Tracy Woolrich's picture
Sweet potatoes help reduce blood sugar levels

It is a well-known fact that sweet potatoes are loaded with beta carotene and is an excellent source of vitamin A. However many people will shy away from them as a side dish due to the thought of it being too high in sugar. Despite the fact that they are primarily a carbohydrate they are also high in fiber and can actually help stabilize your blood sugar and lower insulin resistance. That is great news for type two diabetics. They actually only have a glycemic index rating of less than 50 which makes it a good choice for diabetics. After you read more about this you may decide to double up on this holiday side dish as well as plan to serve them year round.

How absolutely sweet it is to know that something so delectable is actually good for you. As an insulin resistant diabetic myself I am always looking for ways to eat healthy and yet not feel deprived. I mean honestly a baked sweet potato tastes like a dessert to me. I add a small amount of organic butter and sprinkle with cinnamon which is also known for its effect on sugar metabolism. Many think that as carbohydrate sweet potatoes are a forbidden fruit so to speak for a diabetic. Nothing could be further from the truth. Plus it has so many unique nutritional benefits to offer in every single bite.

Sweet potatoes are abundant in adiponectin. According to the National Institutes of Health, adiponectin is a very specific protein type hormone that plays a large role in the development of insulin resistance. It normally circulates in high concentrations in the average weight population however the amount is lower in individual’s that are obese. During research adiponectin levels were reduced prior to the development of type 2 diabetes, and administration of this protein has been effective in lowering plasma glucose levels as well as increasing insulin sensitivity. The way it is thought to produce this effect it through an increase in fatty acid oxidation and inhibition of glucose production in the liver. This may eventually lead to a potential treatment for metabolic syndrome and type 2 diabetes. In the meantime eat more sweet potatoes!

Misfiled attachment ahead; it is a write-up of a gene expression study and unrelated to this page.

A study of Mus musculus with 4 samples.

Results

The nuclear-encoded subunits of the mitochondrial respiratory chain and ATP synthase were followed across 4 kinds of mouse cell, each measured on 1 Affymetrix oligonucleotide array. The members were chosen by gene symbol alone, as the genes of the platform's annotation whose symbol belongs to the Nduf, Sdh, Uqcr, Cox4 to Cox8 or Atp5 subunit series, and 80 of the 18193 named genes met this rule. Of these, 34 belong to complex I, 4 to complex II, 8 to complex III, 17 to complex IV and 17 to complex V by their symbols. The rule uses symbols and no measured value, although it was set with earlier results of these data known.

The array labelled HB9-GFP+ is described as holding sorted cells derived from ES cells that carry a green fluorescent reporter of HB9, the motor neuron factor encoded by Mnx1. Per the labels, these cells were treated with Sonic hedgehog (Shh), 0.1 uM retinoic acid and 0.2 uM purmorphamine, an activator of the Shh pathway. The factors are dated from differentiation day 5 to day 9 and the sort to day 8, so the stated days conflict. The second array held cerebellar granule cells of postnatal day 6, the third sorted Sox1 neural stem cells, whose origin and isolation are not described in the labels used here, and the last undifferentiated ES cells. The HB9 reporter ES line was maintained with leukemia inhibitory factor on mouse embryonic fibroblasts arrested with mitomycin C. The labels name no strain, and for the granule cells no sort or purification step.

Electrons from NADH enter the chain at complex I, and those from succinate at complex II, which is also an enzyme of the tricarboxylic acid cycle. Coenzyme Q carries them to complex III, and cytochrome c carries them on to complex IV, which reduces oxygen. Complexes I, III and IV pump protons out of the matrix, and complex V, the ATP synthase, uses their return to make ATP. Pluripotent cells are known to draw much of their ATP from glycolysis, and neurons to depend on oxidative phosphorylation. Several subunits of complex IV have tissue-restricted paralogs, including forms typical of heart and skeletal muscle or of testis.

Other health benefits

Health benefits for GI tract

Research has shown that the phytonutrients cyanidins and peonidins may reduce heavy metals and oxygen radicals. That risk reduction is especially important for individuals that have irritable bowel syndrome and ulcerative colitis. There is also evidence that the B-complex, calcium, potassium and beta-carotene that sweet potatoes contain may help heal stomach ulcers. In addition it may assist with the potential risk posed by heavy metal s like mercury, cadmium and arsenic.

Health benefits for lungs
Sweet potatoes are full of vitamin A which may help individuals that are exposed to second hand smoke. Smokers and those people who inhale smoke require an increase in vitamin A in order to protect their lungs. As luck would have it a sweet potato can provide nearly 90 percent of a person’s daily requirement of vitamin A.

Health benefits for blood and circulation
The phytonutrients in sweet potatoes have a big impact on fibrinogen. Fibrinogen is required for proper blood clotting. In recent animal studies, intake of sweet potato extracts has been shown to reduce inflammation and reduction of inflammation and balance fibrinogen levels. This is good news for veins, arteries and clotting factors.

In addition to being an excellent source of vitamin C, in some lab studies sweet potato glycosides have been shown to have antibacterial and antifungal properties. To what extent these it can provide us with true antibacterial and antifungal protection is still not yet clear. Additional studies are needed.

Nutritional content
The average sweet potato has less than 100 calories, 22 grams of carbohydrate, 2 grams of protein and 3 grams of fiber each. It contains no fat and is rich in antioxidants, vitamins and minerals. It has the calorie composition of a complex carbohydrate with a higher amylose to amylopectin ratio than white potatoes. Amylose raises the blood sugar levels slowly in comparison to other carbohydrates. They are an excellent source of flavonoids such as beta-carotene and vitamin A with a whopping 14187 IU of vitamin A and 8509 µg of β-carotene. Consumption of vegetables and fruits rich in these types of flavonoids may help to protect individuals from lung and oral cavity cancers. In addition they are packed with many essential vitamins such as vitamin C, B-5, B-6, thiamine, niacin and riboflavin. They are also an excellent source for calcium, magnesium, iron, manganese, and potassium. These minerals are important for proper enzyme, protein, and carbohydrate metabolism.

Lesser known facts
Sweet potatoes are native to Central America and South America. They have an ancient history with discoveries in Peruvian caves dating back 10,000 years.

Christopher Columbus brought sweet potatoes to Europe after his first in 1492.

In order to receive the full benefit of the beta carotene, it is important to have some fat in your sweet potato containing meal. Research has shown that a minimum of 3-5 grams of fat per meal significantly increases our uptake of beta-carotene. This is easily done through 1-2 tablespoons of olive oil on a salad.

Sweet potatoes should be stored in a cool, dark place. Do not store in the refrigerator. Store them in a paper bag with holes in it to allow for ventilation. Do NOT store in a plastic bag.

Take home message
Sweet potatoes are a healthy choice for everyone including diabetics. However because they do contain moderate amounts of oxalates, individuals with kidney or gallbladder disorders may want to check with their healthcare professional before adding it to their diet. Some sensitive individuals may find that eating sweet potatoes may increase the risk of oxalate crystal kidney and gall stones.